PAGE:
TEFL Acronyms Explained

Anyone considering teaching English as a foreign language will probably have done some research and been confused and daunted by the array of acronyms that are used. Here are a few of the more common acronyms that you’ll likely come across as you consider pursing a TEFL Certificate.

General Acronyms

There’s no doubt that while you’ve been doing the research to how to become an English teacher, reading the blogs and deciding what course best suits you, you’ve come across the following terms:

  • ELT– English Language Teaching
  • ESL– English as a Second Language
  • TEFL– Teaching English as a foreign language
  • TESOL– Teaching English to speakers of other languages

Let’s get the confusion out of the way. They all mean the same thing. The many variations can make it confusing and people scrambling from website to website trying to find out exactly what they need in order to teach English abroad. However, all of these acronyms mean that you’re teaching English as a foreign language.

So why are there so many different names given for essentially the same thing? The various acronyms are generally attributed to different branding courses. The only thing that matters is doing a course that delivers an accredited certification, like our TEFL Course offers, which is universally accepted as a qualification allowing you to teach English as a foreign language.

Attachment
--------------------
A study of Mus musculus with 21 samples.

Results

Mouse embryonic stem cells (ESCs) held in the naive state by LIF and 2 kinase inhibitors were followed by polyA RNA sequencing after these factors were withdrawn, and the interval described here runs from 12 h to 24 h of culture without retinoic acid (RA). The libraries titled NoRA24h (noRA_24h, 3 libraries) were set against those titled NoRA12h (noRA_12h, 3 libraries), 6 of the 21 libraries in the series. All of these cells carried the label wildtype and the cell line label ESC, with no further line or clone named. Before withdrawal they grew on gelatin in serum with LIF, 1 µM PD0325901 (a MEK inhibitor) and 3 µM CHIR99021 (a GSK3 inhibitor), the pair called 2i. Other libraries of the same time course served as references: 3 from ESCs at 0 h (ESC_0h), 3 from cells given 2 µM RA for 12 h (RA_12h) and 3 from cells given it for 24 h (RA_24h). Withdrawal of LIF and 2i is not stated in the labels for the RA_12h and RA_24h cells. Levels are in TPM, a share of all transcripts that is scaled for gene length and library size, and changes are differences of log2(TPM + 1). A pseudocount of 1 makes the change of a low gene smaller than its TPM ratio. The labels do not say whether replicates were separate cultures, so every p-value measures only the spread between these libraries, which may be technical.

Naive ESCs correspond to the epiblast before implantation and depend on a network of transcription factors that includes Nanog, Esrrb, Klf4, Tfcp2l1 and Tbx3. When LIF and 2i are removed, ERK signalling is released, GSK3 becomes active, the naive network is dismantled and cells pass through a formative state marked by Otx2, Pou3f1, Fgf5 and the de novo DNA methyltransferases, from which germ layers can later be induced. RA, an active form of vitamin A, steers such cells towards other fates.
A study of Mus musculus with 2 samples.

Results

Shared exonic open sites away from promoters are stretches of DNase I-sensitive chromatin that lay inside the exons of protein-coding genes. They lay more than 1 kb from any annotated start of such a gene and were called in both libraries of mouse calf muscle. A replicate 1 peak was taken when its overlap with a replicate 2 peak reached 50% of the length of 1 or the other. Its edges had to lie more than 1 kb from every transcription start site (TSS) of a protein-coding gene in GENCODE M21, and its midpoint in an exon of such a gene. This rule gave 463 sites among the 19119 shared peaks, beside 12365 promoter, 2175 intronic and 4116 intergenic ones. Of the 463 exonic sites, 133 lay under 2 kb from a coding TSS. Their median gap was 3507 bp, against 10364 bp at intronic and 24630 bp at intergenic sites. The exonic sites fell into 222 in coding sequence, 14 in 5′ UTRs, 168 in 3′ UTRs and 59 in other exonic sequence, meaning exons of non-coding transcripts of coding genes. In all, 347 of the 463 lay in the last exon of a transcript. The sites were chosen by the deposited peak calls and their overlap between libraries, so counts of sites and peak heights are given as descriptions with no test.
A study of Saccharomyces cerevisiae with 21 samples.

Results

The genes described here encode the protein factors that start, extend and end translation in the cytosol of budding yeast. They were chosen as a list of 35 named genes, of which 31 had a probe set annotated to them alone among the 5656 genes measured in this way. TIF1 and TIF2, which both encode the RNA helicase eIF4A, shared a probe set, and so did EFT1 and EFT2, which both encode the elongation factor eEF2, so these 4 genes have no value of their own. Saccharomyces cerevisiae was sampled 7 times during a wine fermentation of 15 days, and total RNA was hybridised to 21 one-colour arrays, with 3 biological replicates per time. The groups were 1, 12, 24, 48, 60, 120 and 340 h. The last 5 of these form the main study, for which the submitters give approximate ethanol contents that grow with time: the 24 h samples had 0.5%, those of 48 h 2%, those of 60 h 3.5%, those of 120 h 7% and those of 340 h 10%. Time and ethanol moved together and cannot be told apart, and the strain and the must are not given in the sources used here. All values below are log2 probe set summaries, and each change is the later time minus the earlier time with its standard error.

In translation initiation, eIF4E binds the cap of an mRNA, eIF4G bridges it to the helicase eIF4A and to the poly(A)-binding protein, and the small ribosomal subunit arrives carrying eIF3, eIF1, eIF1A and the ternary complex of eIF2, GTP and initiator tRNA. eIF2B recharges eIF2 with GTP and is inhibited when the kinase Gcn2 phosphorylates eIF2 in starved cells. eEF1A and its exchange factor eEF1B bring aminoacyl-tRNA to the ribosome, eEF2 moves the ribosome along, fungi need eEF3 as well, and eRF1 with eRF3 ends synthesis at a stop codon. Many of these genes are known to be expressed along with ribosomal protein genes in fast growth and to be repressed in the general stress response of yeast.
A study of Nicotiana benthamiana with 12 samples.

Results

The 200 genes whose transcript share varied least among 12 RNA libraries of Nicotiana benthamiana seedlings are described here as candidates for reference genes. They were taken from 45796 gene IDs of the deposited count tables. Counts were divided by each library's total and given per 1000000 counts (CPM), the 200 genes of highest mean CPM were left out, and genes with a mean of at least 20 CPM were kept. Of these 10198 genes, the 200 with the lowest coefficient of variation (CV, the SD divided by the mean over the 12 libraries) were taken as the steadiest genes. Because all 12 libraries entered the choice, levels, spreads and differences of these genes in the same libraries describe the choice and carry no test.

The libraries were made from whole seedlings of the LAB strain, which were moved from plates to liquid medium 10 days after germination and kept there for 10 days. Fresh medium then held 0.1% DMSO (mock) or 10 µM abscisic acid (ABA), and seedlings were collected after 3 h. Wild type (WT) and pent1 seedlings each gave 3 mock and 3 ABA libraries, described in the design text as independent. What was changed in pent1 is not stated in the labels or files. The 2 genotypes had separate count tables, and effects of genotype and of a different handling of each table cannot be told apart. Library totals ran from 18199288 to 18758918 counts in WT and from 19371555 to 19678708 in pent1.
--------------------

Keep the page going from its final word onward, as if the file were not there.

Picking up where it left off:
ESOL – English for Speakers of Other Languages

ESOL is usually used to refer to people learning English because they have to live and work in English speaking countries. This acronym classifies the students and the classes in which learning English is primarily focused on the practical aspects of life in the country that knowing English is required. The practical information and scenarios taught in these classes include how to apply for jobs, dealing with the bank, understanding pay slips and working with your child’s school.

CELTA – Cambridge Certificate in English Language Teaching to Adults

You may have come across CELTA during your research, which is a specific brand of course operating under Cambridge University. This is similar to a Trinity TESOL (see below) and it is a full-time course taught over 4 weeks, or part-time across 6 months. This course is usually taught full-time over 4 weeks or part-time across 6 months and provides practical classroom experience with real students.

TESOL – Teaching English to Speakers of Other Languages

The name TESOL is used by a lot of companies to describe their certificate, which can be confusing as the accredited Trinity TESOL certificate run by Trinity College, London is a highly regarded qualification accepted worldwide. So check any course that uses TESOL in its branding because the name alone does not guarantee quality or mean it is of the same standard issued by Trinity TESOL.